Dune: Part Two

Now that Paul Atreides (Timothée Chalamet) has not only been accepted by the Fremen, but thought by many, especially Stilgar (Javier Bardem), to be the Mahdi who will save the spice producing planet of Arrakis, he must choose between his own desire and the fate of the universe in “Dune: Part Two.”

Laura's Review: B-

If you haven’t seen Part One of “Dune” since it came out over two  years ago, you may want to revisit before viewing Part Two as cowriter (with "Part One's" Jon Spaihts)/director Denis Villeneuve jumps right back into the action where it left off with no exposition to allow one to catch one’s breath.  If the first part was full of intrigue, politics and betrayal, the follow-up is its ponderous playing out as Atreides fights against the Harkonnen ravishing Arrakis for Spice with the Fremen who live there while his expectant parent Lady Jessica (Rebecca Ferguson) defies tradition to become a powerful Bene Gesserit Reverend Mother.  Gurney Halleck (Josh Brolin), last seen disappearing into the fog of war reappears to Paul’s great delight and the Fremen’s distrust.  And once again, the film ends with a cliffhanger, a third installment all but guaranteed.

This one has two big things going for it.  Director of photography Greig Fraser has made the sand dunes of Arrakis truly stunning, the film far more of a visual feast than its predecessor (special effects are also notable, Villeneuve going for sweep with his Fascistic Harkonnen army and their massive firepower).  And in this one, Timmy surfs a sandworm, a rousing scene and great effect that cements his status with Stilgar and is repeated alongside multiple Fremen, including love interest Chani (Zendaya), near film’s end.  But while many may be impressed with the introduction of Baron Harkonnen’s (Stellan Skarsgård) sociopathic nephew Feyd-Rautha, as played by a bald Austin Butler (“Elvis”) he seems little more than a black and white special effect, albeit a visually interesting one.  More disappointing is our introduction to the Emperor, Christopher Walken’s slack-jawed, one note performance suggesting senility, his daughter, Princess Irulan (Florence Pugh), presenting as the real power behind the throne.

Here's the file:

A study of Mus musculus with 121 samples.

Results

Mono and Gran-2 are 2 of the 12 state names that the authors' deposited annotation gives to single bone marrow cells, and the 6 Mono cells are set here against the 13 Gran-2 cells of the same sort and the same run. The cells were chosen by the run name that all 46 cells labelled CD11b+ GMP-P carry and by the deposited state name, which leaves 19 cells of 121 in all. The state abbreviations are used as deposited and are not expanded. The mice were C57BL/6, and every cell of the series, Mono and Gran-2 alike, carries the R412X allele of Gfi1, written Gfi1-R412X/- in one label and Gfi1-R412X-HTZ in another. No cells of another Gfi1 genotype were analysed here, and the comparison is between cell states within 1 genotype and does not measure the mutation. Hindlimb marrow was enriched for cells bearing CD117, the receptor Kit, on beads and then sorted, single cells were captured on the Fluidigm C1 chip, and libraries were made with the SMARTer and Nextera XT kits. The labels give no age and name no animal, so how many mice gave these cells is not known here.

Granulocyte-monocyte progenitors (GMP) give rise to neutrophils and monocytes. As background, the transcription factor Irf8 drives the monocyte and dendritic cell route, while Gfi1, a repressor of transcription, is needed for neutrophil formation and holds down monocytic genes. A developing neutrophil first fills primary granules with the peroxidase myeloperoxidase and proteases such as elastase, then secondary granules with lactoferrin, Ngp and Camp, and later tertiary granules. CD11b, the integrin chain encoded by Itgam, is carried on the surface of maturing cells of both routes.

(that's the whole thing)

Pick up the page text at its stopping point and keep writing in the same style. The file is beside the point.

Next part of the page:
Another “Part Two” introduction is Léa Seydoux’s Bene Gesserit Lady Margot Fenring, sent to seduce Feyd-Rautha before his big arena scene against a slave gladiator.  Anna Taylor-Joy’s much commented upon cameo is one of Paul’s glimpses into the future.  In fact, most of “Dune: Part Two’s” intrigue involves its female characters, from Lady Jessica training with Reverend Mother Ramallo (Giusi Merli) and attaining power ingesting the ‘Water of Life’ to the big emotional moment involving Atreides, Irulan and Chani near film’s end.  Reverend Mother Mohiam (Charlotte Rampling) is in one foul mood indeed.

Fans of the Frank Herbert novels may be well pleased as punch, but despite this one’s cinematic grandeur, I found its story telling over two hour and forty-six minutes mostly tedious.

Warner Brothers releases "Dune: Part Two" in theaters on 3/1/24.